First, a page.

Red Mill Burgers
The original Red Mill opened in 1937 was located in the Capitol Hill neighborhood of Seattle. It closed in 1967. It was known as a diner and ice creamery with table and counter service. The current Red Mills were opened first in the Phinney Ridge neighborhood in 1994 and the second location in the Interbay neighborhood in 1998.
In its first year of operation, the Red Mill received honorable mention in the best burger category in the Seattle Weekly’s annual Best of Seattle issue. It has subsequently won the best burger award every year since, along with numerous other accolades.
Owners John and Babe Shepherd named the Red Mill in honor of their two late sisters, Kathleen and Monica Shepherd, both of whom worked at the original Red Mill as waitresses and would bring home french fries and other goodies for their younger siblings including Michael and Mark Shepherd.
Numerous Shepherds are or have been involved in running the current stores. The Red Mill mural painted by noted local artist Tom Brady on the Phinney Ridge location features two faceless girls picking flowers under the Mill. These girls represent Kathleen and Monica Shepherd.
Recently, we helped transition all Red Mill locations go from a cash-only business to accepting credit card payments for the first time ever. We’re proud and honored to have earned their trust in this new endeavor.
Dante’s Inferno Dogs
At age 19, Dante read ‘A Confederacy Of Dunces’, the novel for which John Kennedy Toole was posthumously awarded the Pulitzer Prize and whose obnoxious main character, Ignatius J. Reilly, fails miserably as a hot-dog vendor. Nevertheless, Dante thought the enterprise had a certain charm.
His travels brought him to the Pacific Northwest in the fall of ’95. After tending tables and toying with a non-profitable business (or two)… at the age of 30, he again turned to the novel idea of slingin’ dogs. For the first five years he and his dog Josie ran just the one cart. Now, after over 15 years of operation, Dante’s operates a number of carts offering service both INDOORS, and out.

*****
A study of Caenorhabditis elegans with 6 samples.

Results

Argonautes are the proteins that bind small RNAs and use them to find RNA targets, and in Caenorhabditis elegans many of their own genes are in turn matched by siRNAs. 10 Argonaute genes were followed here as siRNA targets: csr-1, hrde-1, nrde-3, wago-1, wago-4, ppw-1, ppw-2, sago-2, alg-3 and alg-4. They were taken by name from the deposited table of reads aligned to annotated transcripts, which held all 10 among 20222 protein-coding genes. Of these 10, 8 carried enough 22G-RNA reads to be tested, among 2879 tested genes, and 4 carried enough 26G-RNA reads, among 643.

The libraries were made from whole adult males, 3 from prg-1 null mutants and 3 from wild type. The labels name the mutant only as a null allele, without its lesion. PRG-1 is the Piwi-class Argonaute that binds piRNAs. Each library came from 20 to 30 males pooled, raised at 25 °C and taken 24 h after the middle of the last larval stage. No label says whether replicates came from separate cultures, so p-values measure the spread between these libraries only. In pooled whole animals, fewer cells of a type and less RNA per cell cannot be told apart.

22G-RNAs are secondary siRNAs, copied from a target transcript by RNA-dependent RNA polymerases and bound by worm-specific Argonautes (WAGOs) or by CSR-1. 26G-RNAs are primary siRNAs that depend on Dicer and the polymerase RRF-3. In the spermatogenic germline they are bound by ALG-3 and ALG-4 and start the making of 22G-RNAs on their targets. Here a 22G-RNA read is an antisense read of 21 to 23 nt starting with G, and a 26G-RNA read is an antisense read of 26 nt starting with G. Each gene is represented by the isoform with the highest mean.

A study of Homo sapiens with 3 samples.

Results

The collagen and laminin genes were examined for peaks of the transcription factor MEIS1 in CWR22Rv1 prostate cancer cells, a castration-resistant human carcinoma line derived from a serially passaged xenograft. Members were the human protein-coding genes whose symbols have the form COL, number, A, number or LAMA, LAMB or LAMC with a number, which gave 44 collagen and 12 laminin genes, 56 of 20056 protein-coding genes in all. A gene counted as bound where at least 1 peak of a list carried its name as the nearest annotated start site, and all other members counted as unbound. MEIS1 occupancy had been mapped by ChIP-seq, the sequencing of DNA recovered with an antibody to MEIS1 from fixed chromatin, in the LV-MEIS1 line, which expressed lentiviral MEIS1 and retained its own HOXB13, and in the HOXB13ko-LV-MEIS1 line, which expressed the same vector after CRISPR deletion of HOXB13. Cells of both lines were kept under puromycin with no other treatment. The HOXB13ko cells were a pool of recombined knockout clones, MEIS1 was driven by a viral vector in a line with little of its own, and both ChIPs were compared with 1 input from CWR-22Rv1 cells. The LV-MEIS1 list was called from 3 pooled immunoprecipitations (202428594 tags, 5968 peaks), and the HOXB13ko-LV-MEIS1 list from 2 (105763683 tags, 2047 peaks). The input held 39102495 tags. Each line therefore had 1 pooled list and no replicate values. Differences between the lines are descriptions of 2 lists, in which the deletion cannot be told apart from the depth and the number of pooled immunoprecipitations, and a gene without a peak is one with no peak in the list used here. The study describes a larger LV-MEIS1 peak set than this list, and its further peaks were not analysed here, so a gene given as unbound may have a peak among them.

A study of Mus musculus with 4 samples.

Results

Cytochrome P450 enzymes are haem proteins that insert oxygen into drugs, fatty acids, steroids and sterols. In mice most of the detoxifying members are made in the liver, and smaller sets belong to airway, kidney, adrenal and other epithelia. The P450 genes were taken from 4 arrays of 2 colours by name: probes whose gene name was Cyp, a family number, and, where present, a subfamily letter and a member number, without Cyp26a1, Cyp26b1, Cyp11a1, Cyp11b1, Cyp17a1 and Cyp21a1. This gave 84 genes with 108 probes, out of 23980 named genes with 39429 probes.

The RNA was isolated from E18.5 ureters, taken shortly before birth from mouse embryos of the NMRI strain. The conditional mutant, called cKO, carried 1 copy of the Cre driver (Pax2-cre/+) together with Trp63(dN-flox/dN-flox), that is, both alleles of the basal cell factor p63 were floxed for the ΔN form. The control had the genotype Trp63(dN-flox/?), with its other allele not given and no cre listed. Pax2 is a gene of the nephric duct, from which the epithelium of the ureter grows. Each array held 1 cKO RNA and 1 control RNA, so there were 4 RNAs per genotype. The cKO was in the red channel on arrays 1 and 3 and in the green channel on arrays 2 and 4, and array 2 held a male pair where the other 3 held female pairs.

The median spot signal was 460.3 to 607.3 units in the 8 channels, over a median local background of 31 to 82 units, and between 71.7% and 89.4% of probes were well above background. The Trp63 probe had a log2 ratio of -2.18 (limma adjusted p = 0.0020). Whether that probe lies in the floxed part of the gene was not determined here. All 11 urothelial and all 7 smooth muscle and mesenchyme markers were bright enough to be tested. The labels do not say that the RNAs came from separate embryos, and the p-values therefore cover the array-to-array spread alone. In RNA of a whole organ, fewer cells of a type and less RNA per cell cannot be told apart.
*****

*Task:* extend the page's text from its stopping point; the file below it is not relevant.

Privately catered hosted events is their main focus. People love the novelty of one of their beautiful carts wheeling into their backyard, driveway, or place of business. They can accommodate from 50 to 1,500 people, and they are very affordable too!
A portion of all sales from Dante’s Inferno Dogs goes to Ballard Food Bank, Ballard Boys & Girls Club, and the Betty Ford Scholarship Fund. They believe if you take care of your community, your community will take care of you.
Like the popular trucks for which this local mini-chain is named, El Camión’s brick-and-mortar location in Ballard serves up some of the best Mexican food in town, with the added ambiance of lucha libre masks and a full bar—not to mention the extensive salsa bar. You’re probably here for the burritos, which is sensible, because (A) they are delicious and (B) one of these near-two-pound, foil-wrapped missiles of meat, black beans, rice and cheese will feed you, your mom, and the people at the next table for a mere $8.50. But why limit yourself when there are carnitas or spicy adobada tacos, sturdy gorditas piled with earthy cochinita pibil and salty cotija, or bowls of satisfying pork pozole? Breakfast is served all day. – The Stranger
At MIX Poke Bar, they are committed to bringing the highest quality and most sustainable raw fish and produce they can find while still maintaining a reasonable price point. Their ingredients to the bowl are prepared fresh daily and their philosophy extends into all areas of their offerings – from produce to sauces.
Poke – pronounced as “poh-kay”, is the Hawaiian verb for “section” or “to slice or cut”.
Poke is a raw fish based dish that originates from the islands of Hawaii and is a staple of Hawaiian cuisine. Their version of Poke shares similar characteristics with the Hawaiian cuisine by including a variety of fresh fish and sauces on top of a bowl of fresh steamed rice. MIX Poke Bar puts a modern spin on the traditional Hawaiian dish while respecting the history and culture of where it came from.